You surely don’t need to be a research scientist to see the flaws in the utterly ridiculous study whose findings that recently made the news.  Researchers in Canada surveyed over 1200 middle aged men and women in a vascular prevention clinic where they were referred after suffering a stroke or “mini-stroke.”  The study participants were asked to recall their egg yolk consumption over their lifetime. In their study, the folks that ate the most eggs were also the people who smoked the most and had the highest degree of atherosclerotic plaque.

Right from the beginning there are two big problems: dietary recall is notoriously inaccurate AND the food eaten with eggs, the quality of the eggs, and the method of preparation all vary widely and all affect the impact of the eggs on a person’s health. 

Mark Sisson on his website -  Mark’s Daily Apple - catalogues numerous problems with the study as well as numerous studies exonerating eggs and their cholesterol- and fat-rich yolks.  He cites two important confounding variables that were not taken into account, namely degree of exercise and waist size, two strong predictors of atherosclerotic disease. Remember, these are people who are already smoking and eating eggs, in defiance of “Doctor’s Orders”, so one might be quite curious whether they were responsible exercisers or not. He also points out what surprisingly none of the news media have picked up: two of the studies three authors are recipients of hefty payments from the statin promoting industry. 

But, hey, I have personal experience that suggests to me what the real problem is. Not long after I read Gary Taubes’ book, Why We Get Fat, I cut out almost all grains from my diet. I corresponded with Taubes personally to learn about the “insulin-free window” that follows exercise.  After a session of vigorous exercise - which in my case is rowing with the Women’s Racing Team on the nearby lake - you have a time window of the same duration in which you can eat carbs without stimulating insulin. I clung to that message for one reason: I couldn’t bear the thought of eating wonderful eggs without toast to sop up the yolk remaining on the plate.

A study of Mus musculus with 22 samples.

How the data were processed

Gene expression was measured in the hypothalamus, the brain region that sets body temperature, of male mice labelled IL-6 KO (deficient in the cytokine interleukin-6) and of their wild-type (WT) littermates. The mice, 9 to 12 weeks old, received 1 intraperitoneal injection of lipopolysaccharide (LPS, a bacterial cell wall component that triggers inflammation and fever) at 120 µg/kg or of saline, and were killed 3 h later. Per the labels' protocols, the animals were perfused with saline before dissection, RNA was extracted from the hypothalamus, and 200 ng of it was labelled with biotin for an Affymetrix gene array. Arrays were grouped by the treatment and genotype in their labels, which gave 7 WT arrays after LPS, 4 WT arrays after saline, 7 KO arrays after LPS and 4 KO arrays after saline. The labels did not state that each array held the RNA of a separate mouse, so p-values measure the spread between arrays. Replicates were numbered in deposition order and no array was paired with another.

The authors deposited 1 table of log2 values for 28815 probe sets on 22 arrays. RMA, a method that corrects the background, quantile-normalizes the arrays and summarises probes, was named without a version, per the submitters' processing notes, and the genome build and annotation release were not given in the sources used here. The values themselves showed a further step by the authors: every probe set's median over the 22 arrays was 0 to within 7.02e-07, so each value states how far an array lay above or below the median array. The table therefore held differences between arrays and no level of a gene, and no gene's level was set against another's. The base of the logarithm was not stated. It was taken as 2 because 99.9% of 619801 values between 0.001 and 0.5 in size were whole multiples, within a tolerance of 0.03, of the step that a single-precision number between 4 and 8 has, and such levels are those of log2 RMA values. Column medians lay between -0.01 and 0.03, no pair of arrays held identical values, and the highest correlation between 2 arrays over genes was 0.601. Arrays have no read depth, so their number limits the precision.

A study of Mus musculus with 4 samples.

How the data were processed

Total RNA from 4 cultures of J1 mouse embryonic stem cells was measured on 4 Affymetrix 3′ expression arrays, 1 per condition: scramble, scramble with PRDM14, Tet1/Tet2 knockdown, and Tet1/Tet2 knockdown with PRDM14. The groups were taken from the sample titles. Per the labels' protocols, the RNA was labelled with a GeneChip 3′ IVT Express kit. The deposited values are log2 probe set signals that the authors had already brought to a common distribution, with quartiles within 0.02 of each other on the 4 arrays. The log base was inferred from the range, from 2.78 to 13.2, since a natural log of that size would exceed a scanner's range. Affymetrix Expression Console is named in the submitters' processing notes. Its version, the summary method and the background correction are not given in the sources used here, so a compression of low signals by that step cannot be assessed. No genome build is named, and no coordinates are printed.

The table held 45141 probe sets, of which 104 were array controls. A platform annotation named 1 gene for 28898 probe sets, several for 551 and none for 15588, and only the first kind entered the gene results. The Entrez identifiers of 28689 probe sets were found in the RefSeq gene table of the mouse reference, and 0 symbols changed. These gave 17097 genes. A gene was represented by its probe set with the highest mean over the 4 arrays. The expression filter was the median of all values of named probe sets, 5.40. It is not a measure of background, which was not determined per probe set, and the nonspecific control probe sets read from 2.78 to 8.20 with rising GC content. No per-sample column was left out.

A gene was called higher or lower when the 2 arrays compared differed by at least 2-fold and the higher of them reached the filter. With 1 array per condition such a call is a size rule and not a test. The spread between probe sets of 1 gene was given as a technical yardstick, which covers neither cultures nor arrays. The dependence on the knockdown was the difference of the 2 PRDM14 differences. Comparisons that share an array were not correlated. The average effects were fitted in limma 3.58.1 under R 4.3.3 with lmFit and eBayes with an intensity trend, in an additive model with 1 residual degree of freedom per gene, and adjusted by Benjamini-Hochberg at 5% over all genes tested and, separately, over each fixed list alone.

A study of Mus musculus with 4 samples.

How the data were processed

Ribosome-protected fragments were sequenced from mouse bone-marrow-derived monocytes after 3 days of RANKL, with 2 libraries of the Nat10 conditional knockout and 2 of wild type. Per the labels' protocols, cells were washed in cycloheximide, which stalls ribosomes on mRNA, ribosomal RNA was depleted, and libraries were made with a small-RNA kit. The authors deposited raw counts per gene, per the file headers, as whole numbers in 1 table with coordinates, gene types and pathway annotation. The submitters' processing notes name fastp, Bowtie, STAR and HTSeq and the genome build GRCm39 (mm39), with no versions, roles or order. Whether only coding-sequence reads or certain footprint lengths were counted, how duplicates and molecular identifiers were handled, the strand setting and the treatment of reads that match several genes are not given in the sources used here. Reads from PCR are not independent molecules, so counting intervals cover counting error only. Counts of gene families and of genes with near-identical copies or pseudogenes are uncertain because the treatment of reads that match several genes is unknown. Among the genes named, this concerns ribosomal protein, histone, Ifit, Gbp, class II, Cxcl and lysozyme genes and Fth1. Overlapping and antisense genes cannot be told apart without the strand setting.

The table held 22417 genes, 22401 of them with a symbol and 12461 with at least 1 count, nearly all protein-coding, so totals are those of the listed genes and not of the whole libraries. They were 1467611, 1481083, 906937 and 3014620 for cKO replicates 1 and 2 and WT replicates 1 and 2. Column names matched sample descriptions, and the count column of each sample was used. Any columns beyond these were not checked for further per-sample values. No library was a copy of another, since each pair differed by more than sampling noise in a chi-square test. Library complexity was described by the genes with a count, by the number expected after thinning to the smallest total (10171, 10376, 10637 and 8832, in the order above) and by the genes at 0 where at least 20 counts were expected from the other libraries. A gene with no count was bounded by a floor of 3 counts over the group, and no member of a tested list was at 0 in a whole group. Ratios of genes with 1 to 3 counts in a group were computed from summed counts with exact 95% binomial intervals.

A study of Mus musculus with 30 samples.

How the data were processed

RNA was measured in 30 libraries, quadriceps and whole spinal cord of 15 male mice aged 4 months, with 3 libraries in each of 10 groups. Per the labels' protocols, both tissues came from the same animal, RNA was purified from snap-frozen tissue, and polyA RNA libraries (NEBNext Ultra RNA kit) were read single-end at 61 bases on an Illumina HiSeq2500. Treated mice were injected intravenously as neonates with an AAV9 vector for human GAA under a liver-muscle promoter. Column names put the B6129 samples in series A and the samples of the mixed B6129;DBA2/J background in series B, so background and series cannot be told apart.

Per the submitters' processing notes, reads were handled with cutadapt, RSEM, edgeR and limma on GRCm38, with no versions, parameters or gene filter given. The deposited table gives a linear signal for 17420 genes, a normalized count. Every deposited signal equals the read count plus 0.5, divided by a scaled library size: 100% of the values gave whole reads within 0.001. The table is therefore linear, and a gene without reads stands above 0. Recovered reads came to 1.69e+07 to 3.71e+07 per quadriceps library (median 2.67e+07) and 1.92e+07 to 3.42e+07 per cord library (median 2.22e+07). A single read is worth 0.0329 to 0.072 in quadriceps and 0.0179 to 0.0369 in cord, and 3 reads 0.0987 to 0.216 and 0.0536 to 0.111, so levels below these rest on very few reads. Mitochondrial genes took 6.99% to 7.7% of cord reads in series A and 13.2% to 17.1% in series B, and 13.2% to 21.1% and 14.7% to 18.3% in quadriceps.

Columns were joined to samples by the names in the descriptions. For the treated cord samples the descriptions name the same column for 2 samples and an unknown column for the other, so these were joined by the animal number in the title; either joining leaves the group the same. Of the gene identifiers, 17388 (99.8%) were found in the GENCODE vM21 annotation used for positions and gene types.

Potatoes, toast (with jam), and pancakes are all wonderful with eggs because you get to eat the yolk. The same foods are all terrible with eggs because they load you with carbohydrates and insulin (unless you’ve been out exercising) that set you up to gain midsection weight from the excess of calories presented in that particular composition and to suffer from greater levels of inflammation in general. For the last 50 years conventional thinking has failed to confirm a link between dietary fat or cholesterol and heart disease. The emerging wisdom pins the blame more likely on excess carbohydrates as the culprit. A breakfast with eggs at the center, surrounded by potatoes, toast, and jam is definitely a problem: high fat in the presence of high carbs make a deadly combination. I would wager that for every egg yolk consumed in this study, there was a hazardous dose of carbohydrates that was the true source of the problem.

CONFLICT OF INTEREST: I must admit that I raise my own free-ranging chickens for their eggs and benefit from their sale to a few friends such that I am able to eat my pampered, pastured, organic grain-fed, soy and corn-free, chickens’ eggs for something like the price of store-bought eggs.